How far do you go?
On our weekly audax, we go 100km which is about 62 miles. But we are training to do 200km by finishing 100 better and fresher, more topped off with food and more confident about how "normal" 5 hours on the bike is.
How fast do you go?
We try to keep a strict itinerary and complete our rides as close to 22.5kph average speed. But this is for the whole ride, including stops, planned and unplanned. In order to complete an Audax, We have to finish with an average speed between 20 and 25kph. In practice, we roll about 12 or 13mph. And we ride with very regular pace, very little ups and downs, and absolutely no spikes in speed from attacks or sprints.
What is the max speed?
That's hard to answer because sometimes, going downhill, we can hit speeds of over 40kph. Of course, we're not trying to hold that speed. In fact, if we are going that fast, we are looking for opportunities to slow down. There aren't strict rules about maximum and minimum rolling speed because, in order to meet our goal of 22.5kph average speed, it may be necessary for us to ride at a variety of different speeds. We might touch a high speed for a moment, but we don't push through it; we're trying to finish together by riding together. It is gutsy to give away speed, but we're audacious enough to do it!
How hard is it?
This is also not easy to answer. Some riders have more experience riding or doing other endurance sports. Some bicycles have faster rolling tires or are more aerodynamic. Some riders have never been on a bike ride so long and some are on bikes that have never been ridden that far. The route is chosen independently from the weather, so sometimes hot, cold, rain, or wind can dramatically increase the difficulty of an audax. This can also be true in the event of unforseen mechanicals or physical/bodily problems. Everyone on the ride is helping everyone else to make it to the end. Our main priority is finishing together; this means making one person's difficulty a problem shared and addressed by all the other riders.
Do you have to be really serious?
Clowns are definitely welcome on the ride. But even they have to be focused enough to make it to the end and do it on schedule. But don't get the wrong impression, you don't have to be a cycling enthusiast to ride an audax. There are certain physical requirements, so you might need time to prepare physically and get your bike to a dependable state mechanically, but audax riders don't have to train every day. While some of us ride throughout the week, and some of us do specific training for racing, not all of us have the same personal cycling goals. Audax lets the goals of triathlete and road racers align with weekend warriors and people brand new to endurance activities.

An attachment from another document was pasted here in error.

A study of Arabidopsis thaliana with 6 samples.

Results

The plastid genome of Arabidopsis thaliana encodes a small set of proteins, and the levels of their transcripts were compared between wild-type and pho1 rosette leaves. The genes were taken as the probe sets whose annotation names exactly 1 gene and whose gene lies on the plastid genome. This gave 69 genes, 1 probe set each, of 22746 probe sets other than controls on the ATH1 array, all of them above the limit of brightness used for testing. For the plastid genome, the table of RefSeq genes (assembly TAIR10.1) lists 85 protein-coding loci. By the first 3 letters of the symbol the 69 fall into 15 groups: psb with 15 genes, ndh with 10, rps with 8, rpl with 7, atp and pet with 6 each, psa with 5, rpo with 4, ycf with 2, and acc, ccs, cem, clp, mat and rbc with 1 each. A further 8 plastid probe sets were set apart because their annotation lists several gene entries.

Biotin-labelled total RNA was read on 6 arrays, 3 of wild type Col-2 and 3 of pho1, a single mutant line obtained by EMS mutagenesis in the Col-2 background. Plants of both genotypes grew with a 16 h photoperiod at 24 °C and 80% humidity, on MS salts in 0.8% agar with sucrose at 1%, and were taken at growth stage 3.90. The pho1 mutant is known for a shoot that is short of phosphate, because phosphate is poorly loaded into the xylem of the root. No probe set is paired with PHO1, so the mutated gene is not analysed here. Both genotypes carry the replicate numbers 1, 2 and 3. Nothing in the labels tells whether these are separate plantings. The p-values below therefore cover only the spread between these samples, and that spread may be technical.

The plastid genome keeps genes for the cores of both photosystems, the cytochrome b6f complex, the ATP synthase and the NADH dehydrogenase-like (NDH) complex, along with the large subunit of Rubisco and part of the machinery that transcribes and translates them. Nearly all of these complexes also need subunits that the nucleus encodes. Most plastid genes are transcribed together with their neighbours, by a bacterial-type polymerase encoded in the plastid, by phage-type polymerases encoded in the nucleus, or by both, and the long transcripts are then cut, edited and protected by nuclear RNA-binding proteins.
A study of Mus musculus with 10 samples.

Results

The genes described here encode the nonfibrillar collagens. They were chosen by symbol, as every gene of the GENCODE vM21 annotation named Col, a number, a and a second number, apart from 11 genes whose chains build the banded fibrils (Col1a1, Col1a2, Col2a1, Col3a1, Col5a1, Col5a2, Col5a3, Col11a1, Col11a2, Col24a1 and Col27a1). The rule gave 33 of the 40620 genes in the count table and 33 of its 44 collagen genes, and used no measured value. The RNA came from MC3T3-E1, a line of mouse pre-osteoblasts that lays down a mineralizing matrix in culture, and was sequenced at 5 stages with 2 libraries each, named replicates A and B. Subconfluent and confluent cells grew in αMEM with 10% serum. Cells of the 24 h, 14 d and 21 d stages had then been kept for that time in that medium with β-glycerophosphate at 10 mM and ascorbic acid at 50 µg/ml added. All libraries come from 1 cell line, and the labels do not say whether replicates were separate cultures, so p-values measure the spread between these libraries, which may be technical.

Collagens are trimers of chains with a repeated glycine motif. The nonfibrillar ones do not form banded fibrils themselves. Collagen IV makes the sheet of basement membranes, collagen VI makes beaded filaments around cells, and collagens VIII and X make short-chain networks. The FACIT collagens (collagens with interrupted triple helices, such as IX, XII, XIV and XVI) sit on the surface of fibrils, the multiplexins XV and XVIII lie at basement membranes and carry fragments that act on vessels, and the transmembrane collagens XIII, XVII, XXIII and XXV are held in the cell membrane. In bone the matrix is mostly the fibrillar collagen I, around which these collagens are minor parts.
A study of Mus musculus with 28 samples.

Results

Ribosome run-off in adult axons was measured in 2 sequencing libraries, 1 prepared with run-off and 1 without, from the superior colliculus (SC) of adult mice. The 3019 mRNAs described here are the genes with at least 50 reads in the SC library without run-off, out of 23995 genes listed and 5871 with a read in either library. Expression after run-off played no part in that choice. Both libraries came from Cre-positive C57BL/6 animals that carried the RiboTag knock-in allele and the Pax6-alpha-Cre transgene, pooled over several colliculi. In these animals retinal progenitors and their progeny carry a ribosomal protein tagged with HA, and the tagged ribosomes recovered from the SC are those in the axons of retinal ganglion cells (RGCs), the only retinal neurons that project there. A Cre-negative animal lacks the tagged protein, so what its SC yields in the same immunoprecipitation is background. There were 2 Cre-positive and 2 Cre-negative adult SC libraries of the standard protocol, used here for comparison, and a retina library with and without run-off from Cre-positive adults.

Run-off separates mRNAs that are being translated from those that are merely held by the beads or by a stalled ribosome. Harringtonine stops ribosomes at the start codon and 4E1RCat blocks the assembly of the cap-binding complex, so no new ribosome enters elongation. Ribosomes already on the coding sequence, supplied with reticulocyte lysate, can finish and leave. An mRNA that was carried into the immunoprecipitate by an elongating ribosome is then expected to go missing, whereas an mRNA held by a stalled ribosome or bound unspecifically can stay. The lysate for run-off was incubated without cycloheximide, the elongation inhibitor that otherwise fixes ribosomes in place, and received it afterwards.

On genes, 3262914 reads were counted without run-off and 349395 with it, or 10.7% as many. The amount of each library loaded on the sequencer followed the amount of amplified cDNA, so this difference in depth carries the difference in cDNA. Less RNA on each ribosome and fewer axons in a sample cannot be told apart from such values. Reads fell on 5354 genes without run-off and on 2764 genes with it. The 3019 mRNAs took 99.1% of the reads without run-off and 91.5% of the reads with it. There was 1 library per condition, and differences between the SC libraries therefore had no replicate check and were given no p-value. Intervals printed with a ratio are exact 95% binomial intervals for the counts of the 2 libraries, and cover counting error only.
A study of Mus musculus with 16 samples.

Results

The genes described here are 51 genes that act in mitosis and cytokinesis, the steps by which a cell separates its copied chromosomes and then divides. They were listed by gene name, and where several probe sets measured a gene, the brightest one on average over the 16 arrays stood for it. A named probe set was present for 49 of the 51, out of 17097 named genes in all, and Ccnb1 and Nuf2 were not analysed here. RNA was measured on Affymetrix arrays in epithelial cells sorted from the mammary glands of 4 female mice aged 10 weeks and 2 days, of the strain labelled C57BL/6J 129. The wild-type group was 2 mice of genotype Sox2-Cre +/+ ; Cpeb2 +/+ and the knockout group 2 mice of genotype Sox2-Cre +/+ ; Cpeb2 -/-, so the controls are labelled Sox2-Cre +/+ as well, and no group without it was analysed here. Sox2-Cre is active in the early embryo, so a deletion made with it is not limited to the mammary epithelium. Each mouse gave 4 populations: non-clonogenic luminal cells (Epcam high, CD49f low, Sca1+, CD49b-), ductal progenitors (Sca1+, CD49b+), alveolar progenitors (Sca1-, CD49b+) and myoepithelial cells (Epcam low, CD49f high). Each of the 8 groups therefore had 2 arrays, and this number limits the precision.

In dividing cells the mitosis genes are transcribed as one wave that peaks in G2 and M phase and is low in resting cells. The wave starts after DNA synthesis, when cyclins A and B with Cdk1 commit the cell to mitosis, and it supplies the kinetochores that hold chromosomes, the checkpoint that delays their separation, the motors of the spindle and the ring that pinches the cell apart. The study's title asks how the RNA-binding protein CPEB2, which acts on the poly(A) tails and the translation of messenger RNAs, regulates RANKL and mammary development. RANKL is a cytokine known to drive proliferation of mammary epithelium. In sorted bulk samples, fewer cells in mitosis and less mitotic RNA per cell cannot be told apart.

What if I've never done anything like that before?
You want to be confident in your ability to ride for 2 hours, at a steady pace. Ideally that would be around 20kph, but the specifics are less important than being able to ride steady. You need to be confident in your bike, that it won't break and that it shifts and stops correctly. On a group ride other people's safety depends on your caution. Don't be afraid to try it. Audax is a sport about adopting new participants. Part of the challenge is helping new people, and learning through teaching, demonstration, and real-world situations. Every audax is unique, and new people are always part of that dynamic. You won't know until you try it!
And don't be afraid to ask more questions, these certainly aren't all of them out there.